After being dry for nearly a year, a couple months of intermittent snow and rain have turned Washoe Lake into a lake again.
“There’s not much,” said Washoe Lake State Park Supervisor Jennifer Dawson. “If you blink you might miss it.”
Those storms, coming one after another, have also built the best snowpack in the Sierra in more than five years. Dawson said she is encouraged by the snow pack.
“When spring hits and the snow actually melts, it will be exciting to see what our lake will look like,” she said. “It’s not going to be full but, at least, we won’t have to change the name of the park.”
Five years of drought sharply reduced or eliminated water flow in nearly all of the 11 small streams that feed Washoe Lake. With evaporation taking the last bit of surface water last May, the lake was officially no more.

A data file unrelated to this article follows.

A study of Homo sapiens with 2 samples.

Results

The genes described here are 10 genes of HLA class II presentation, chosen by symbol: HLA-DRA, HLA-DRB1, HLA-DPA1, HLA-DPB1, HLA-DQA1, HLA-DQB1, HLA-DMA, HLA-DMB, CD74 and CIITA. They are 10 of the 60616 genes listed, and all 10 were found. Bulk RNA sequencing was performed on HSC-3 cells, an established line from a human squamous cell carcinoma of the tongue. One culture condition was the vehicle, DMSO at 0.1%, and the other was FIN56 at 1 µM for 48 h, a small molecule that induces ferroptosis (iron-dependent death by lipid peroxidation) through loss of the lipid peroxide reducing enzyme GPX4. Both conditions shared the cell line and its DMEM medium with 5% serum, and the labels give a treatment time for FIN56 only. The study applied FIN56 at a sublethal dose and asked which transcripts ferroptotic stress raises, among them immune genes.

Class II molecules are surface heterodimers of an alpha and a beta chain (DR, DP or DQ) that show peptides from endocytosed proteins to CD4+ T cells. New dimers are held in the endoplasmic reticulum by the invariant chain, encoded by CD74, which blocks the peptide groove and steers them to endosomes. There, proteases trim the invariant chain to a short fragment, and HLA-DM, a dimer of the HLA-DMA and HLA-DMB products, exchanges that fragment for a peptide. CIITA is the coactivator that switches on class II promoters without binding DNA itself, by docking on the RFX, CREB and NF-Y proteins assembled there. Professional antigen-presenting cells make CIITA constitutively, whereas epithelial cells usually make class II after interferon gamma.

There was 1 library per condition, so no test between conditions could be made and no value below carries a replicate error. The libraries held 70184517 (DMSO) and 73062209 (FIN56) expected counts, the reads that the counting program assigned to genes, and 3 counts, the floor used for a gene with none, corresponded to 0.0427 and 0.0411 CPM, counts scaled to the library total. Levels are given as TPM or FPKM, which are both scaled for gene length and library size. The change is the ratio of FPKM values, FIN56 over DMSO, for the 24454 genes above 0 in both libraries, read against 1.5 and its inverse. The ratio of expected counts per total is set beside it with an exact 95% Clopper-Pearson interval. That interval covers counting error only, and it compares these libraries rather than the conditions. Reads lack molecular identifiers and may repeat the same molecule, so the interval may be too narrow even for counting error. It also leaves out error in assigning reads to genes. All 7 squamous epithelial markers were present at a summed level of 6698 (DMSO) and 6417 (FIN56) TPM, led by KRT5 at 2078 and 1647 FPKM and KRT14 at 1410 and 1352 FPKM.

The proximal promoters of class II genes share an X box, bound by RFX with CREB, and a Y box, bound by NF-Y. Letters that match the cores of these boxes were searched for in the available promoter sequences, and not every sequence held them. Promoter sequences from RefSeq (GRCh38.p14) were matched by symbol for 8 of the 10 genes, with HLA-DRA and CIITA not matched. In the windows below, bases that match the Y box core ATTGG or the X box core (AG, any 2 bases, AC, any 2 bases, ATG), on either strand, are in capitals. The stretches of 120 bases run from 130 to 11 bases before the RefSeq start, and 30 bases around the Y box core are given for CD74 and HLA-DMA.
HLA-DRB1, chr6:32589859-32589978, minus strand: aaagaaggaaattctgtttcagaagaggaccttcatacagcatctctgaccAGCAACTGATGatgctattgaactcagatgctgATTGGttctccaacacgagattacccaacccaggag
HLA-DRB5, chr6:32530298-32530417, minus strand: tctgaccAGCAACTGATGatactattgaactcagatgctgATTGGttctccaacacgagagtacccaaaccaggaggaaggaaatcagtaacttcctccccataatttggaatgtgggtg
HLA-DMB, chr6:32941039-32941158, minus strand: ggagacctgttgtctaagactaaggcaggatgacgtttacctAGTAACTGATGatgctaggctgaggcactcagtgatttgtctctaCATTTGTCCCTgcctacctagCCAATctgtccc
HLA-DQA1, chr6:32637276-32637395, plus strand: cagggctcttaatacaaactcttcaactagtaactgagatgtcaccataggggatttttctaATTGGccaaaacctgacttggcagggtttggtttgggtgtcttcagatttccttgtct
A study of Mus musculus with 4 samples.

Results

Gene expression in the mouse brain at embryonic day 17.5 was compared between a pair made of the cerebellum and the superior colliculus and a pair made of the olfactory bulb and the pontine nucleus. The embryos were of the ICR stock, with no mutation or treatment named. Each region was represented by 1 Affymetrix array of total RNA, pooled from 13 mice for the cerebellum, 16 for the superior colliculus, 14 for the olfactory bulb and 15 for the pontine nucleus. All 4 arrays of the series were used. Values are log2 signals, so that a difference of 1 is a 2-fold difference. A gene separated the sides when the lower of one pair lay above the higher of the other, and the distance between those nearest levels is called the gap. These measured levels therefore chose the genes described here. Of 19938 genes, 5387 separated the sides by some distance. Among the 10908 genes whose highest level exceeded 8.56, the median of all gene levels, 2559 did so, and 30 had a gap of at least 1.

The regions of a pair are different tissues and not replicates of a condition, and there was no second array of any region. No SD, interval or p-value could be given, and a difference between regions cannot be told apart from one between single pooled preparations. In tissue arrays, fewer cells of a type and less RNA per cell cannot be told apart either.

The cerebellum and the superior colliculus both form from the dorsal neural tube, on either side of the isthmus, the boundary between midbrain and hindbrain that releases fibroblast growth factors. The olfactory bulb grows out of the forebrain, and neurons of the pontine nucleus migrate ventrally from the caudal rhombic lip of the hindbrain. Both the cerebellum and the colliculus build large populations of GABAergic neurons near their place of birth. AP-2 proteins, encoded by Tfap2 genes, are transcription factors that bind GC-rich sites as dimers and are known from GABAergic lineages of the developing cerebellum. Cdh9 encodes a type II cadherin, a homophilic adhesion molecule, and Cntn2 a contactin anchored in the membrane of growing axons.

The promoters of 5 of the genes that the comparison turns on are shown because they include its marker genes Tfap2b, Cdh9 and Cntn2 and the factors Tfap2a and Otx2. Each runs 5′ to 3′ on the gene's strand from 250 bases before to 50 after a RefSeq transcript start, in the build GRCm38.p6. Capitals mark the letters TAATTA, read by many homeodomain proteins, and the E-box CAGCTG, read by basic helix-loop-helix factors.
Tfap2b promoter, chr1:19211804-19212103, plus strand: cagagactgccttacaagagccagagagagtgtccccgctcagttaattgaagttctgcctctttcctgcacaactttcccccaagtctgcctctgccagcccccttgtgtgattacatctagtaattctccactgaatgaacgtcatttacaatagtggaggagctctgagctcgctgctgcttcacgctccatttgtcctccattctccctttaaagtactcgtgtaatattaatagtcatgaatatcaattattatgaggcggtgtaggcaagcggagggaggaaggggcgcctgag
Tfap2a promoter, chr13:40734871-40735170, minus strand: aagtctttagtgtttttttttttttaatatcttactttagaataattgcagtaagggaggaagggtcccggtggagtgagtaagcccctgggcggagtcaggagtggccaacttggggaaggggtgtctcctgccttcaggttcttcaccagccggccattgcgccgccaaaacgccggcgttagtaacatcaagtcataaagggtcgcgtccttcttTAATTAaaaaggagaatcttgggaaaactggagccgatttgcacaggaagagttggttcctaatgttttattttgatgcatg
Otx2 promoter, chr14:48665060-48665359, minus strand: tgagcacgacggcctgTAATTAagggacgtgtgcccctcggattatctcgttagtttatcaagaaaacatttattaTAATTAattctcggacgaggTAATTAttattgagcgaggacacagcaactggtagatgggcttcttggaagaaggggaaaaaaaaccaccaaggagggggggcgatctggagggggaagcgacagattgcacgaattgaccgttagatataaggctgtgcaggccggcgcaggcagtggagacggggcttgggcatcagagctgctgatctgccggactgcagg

A couple of weeks ago, however, some surface water was again visible from the crest of Interstate 580 at the north end of the valley.
Washoe Lake is vulnerable to dry spells because, even when completely full, it’s just 12 feet deep and five miles long. Dawson said it has gone dry several times since the park was established in 1977.
Little Washoe at the north end of the valley never went completely dry. With the snowfall this year, she said there were people actually ice skating on it. That stopped when the rains came over the past two weeks, melting the ice.
Washoe Lake is a popular destination because of its location between Reno and Carson City. The park offers camping, an equestrian center, hiking and other activities. And, with a little help from Mother Nature, the park should be able to offer boating and other water activities this coming summer.